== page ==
Claire's blog

Palm oil - take action on this burning issue


(See Greenpeace blog for original photos)

Fires have been raging across Indonesia in recent weeks. We don't know exactly who started them, but we know that palm oil and paper companies have created the perfect conditions for them to flourish. Peatland is normally waterlogged and therefore very hard to ignite. But these companies have been draining Sumatra's peatlands to make way for plantations. When dry, peat is a perfect fuel and very hard to extinguish. But the destruction of habitat for endangered species, human harm and massive release of carbon dioxide caused by these fires is only the latest stage in the ongoing forest devastation by palm oil companies.

There are three campaigns that need support right now - take action today:

MEPs vote on biofuels 10 July

Campaign to stop palm oil burning in Battersea power station - public meeting 10 July

Stop Herakles plantation in Cameroon

More about palm oil and deforestation

Palm oil plantations are the main driver for deforestation in Indonesia and Malaysia, which account for 86 percent of global production of palm oil. Palm oil is found in many food products, toiletries and cosmetics. It is also burned as a fuel - for transport and for electricity generation.

The rainforests and peatlands of Indonesia and other tropical countries hold tremendous terrestrial carbon stocks, which are lost to the atmosphere when land is cleared to make way for oil palm plantations. This deforestation has made Indonesia the world’s third largest emitter of greenhouse gases after the US and China. Burning palm oil causes more greenhouse gas emissions than fossil fuels once the direct and indirect impacts on forests and peatlands are taken into account. The plantations also threaten species such as the orang utan with extinction and have been linked to forced displacement and human rights violations.

Fracking facts: Ten things you need to know about shale gas

Shale gas is methane (natural gas) which is trapped in impermeable shale rock deep underground. The gas cannot flow through the shale, so simply drilling a well, as you would for conventional natural gas, is not enough. The shale rock must be cracked to free the gas, so large quantities of water, sand, and a range of chemicals are pumped in under high pressure (hydraulic fracturing or 'fracking'). Tens or hundreds as many wells are needed to produce as much gas as in a conventional gas field.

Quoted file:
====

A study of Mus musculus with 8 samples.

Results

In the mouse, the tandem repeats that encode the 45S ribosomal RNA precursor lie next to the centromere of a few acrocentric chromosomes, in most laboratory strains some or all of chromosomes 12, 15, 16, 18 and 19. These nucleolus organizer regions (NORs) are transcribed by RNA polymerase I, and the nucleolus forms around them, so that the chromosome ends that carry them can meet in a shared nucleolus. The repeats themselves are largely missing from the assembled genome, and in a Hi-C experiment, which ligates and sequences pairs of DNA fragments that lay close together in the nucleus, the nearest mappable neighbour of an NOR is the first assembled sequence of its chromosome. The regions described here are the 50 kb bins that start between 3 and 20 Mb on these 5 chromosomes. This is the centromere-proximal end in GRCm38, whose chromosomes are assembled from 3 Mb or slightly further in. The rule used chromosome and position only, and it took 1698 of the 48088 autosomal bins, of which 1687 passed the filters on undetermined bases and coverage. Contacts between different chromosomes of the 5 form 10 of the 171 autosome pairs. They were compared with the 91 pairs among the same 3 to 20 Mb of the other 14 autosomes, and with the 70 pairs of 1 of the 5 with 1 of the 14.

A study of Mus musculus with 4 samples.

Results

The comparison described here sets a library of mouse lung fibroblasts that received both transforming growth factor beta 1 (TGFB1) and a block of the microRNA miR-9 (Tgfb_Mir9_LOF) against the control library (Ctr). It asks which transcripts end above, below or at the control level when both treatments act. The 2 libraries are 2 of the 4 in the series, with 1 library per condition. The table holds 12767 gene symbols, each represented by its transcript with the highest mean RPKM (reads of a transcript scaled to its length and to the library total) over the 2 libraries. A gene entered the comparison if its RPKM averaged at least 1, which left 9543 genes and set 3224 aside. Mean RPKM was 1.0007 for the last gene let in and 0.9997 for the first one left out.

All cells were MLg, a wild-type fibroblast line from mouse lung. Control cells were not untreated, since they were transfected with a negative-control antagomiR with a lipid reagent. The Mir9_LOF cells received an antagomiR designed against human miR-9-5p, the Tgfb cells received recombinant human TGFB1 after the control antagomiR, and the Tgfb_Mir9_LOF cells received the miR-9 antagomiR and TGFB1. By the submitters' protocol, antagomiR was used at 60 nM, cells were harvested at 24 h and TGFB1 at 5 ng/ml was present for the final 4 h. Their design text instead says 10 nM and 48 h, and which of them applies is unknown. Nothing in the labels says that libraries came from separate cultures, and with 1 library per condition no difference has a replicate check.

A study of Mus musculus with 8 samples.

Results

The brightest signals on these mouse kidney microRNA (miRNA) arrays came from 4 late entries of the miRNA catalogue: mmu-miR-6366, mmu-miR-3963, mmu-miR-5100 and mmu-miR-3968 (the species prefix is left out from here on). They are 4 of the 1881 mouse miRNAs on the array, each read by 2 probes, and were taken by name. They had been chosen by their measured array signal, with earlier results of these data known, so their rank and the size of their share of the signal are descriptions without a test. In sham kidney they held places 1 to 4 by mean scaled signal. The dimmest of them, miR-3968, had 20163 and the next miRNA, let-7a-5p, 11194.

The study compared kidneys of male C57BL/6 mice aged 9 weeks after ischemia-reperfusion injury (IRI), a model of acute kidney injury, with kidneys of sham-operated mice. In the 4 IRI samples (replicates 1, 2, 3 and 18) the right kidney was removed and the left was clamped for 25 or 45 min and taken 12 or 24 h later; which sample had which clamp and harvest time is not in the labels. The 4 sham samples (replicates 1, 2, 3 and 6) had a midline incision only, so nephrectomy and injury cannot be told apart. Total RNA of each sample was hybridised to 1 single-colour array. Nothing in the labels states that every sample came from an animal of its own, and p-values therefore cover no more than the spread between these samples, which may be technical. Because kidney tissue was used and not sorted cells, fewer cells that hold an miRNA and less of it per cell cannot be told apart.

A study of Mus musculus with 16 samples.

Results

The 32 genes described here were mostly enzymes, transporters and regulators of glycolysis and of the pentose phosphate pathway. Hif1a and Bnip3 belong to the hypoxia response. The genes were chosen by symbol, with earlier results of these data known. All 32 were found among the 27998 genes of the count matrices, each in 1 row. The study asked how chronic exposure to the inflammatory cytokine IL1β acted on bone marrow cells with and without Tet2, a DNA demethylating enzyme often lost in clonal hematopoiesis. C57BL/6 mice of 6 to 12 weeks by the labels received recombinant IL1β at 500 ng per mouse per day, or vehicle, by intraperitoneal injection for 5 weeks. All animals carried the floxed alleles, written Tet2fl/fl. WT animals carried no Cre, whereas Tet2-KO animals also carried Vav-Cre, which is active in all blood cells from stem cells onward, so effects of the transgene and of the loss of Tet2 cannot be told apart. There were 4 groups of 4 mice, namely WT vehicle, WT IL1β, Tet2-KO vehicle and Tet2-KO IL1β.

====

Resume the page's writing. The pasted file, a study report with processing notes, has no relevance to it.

Current government policies, driven in particular by the Chancellor, George Osborne, promote shale gas as a solution to the UK's energy needs. But the facts suggest otherwise:

1. Proven global reserves amount to five times as much fossil fuel as could be burnt between now and 2050 and keep under 2°C of global warming. This basic fact is frustratingly often absent in media discussions about exploiting about yet another source to exploit.

2. Without effective policies to limit carbon emissions there is no reason to think that shale gas in Europe will push out coal – it is just as likely to compete with renewables.

3. There is a big question mark over whether shale gas exploitation is actually any better for the climate than coal burning. It all depends on how much gas leaks out during the process, since methane is a shorter lived but much more powerful greenhouse gas compared to CO2.

Two degree limit: a dangerous way to think about climate change?


Photo by Flickr user Eladesor

The idea that any warming up to two degrees is ‘safe’ has shaped not just discussions on climate change, but the process of international negotiations. The Campaign against Climate Change has always tried to be clear that significant harm will take place well before this, and that we must consider the risk of triggering positive feedbacks such as the release of methane from Arctic melt.